Scholarly writing and how to get it done. / And a workshop for my own ideas, scholarly and poetic
I am posting this as a benchmark, not because I think I'm playing very well yet. The idea would be post a video every month for a ye...
What Mompou I've heard seems pleasant enough, but doesn't seem to do much that Ravel doesn't (or say the Janacek of "On an Overgrown Path"). Am I missing something? Or is your engagement with M more about his songs?
I guess I wouldn't make exaggerated claims for him, since we all should have minor figures that we engage with without apology. My main engagement with him is playing his music on the piano. He is one of those neglected and possibly "minor" figures that I happen to admire. I don't know Ravel enough to know if you are right, but Mompou is in the Satie / Debussy / Ravel / Falla realm. That is his musical world. But does Ravel aspire to silence like Mompou does, that interior audition? For me the "Música callada" is deceptively simple and deep. I've heard recordings where the pianist is only playing it only as sweet and pleasant music, without really plumbing those depths of pianistic sound. I can hear those exact moments when the player jumps over something without fully understanding it. Though I cannot play it better, not being a professional player or even a great amateur, I think the way I'm hearing it in my own mind is better than what the pianist has come up with.
Interesting. I wouldn't say Ravel aspires to silence -- I'm always aware of his music as constructed, fabricated, lacking that mystical touch. Sometimes extremely showy (Tzigane!). Maybe the single best piece I know is the Trio, not a fair comparison with this Mompou because of a difference in scale.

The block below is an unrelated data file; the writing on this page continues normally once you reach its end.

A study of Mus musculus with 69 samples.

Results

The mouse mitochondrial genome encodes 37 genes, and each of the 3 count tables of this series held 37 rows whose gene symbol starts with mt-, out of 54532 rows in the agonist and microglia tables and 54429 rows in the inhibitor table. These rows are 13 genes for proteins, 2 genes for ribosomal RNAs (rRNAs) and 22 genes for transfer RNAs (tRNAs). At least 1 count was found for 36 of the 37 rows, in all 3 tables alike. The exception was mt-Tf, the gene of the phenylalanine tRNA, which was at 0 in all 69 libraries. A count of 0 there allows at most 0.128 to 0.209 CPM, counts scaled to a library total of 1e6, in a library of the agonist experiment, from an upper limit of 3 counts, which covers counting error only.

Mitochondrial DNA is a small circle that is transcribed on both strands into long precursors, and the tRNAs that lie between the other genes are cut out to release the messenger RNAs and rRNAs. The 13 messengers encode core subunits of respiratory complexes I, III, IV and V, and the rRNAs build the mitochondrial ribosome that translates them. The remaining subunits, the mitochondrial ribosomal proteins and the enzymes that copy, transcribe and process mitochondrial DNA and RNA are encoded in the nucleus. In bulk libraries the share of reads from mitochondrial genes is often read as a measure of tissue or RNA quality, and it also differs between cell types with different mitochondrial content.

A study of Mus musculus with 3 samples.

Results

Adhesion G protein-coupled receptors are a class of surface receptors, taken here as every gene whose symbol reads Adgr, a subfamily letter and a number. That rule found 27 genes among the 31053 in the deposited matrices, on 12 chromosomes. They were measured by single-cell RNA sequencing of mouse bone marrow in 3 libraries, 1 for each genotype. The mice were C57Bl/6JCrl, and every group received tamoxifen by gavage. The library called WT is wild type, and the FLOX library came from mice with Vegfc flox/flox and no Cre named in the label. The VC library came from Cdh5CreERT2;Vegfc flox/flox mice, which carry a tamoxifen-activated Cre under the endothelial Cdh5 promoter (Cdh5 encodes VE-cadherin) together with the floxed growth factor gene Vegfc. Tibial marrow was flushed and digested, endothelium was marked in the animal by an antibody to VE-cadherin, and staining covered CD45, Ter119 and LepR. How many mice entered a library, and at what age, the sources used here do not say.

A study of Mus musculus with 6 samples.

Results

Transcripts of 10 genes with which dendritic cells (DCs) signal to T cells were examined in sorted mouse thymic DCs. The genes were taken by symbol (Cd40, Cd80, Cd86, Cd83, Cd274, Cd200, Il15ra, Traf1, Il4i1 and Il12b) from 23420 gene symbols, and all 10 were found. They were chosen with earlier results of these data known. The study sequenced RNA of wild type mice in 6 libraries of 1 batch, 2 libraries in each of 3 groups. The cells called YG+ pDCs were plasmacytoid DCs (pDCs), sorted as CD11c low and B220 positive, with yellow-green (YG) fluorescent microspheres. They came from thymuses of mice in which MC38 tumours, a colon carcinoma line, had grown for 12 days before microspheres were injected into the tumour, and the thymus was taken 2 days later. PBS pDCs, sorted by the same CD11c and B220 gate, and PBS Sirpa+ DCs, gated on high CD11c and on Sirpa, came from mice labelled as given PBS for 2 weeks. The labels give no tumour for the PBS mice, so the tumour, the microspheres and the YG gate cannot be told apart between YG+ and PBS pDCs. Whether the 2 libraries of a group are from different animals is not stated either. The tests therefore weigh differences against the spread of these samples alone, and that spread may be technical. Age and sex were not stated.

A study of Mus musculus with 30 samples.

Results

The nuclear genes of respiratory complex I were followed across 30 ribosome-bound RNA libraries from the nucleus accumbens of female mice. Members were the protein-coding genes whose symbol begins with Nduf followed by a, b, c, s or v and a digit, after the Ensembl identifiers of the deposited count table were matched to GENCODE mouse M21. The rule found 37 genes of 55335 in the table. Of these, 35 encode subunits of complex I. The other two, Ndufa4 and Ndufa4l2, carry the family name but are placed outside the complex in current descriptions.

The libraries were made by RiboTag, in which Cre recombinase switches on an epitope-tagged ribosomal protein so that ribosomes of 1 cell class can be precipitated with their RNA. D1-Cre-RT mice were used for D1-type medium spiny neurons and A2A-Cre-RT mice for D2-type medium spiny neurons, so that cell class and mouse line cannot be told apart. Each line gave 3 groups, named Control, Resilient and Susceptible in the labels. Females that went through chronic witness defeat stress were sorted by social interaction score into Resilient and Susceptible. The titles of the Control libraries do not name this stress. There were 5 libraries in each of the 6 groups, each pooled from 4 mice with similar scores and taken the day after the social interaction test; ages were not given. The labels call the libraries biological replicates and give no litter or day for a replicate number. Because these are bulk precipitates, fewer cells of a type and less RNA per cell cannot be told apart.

I got the Salabert piano collection from the library and have been playing through it, mostly from Musica callada. Lots for me to learn in harmony and piano sonority.
Let me know what ones you like. I play I-IV, X and XXII from the Música callada.
Having tinkered around a bit, I think there's no one piece that stands out for me. Even in the pieces I most enjoy for harmony, sonority, texture, form, I keep wishing there were more going on in melody and rhythm. (These are not fully orthogonal, separable characteristics, of course.) Definitely lots of scope for subtleties of touch, though! I've been looking into Saariaho recently, motivated by a chamber opera project I'm working on slowly but ever more seriously. I was surprised to find she did an adaptation of two of the Pound-Fenollosa Noh translations, as a pair of one-act operas. But when I started watching (the Dutch National Opera DVD), I realized her approach is miles away from what I'm interested in -- a relief in that there's no competition. On the plus side: endlessly pretty and subtle use of the orchestra (rivaling Takemitsu), fantastic singing (I knew Jaroussky, but Davone Tines is just as good). On the minus, or at least irrelevant to my interest -- the heavy expressive emphasis laid on every utterance. These are rather plain texts which can be read through quickly -- making each line a tense despairing wail misses what I take to be the point.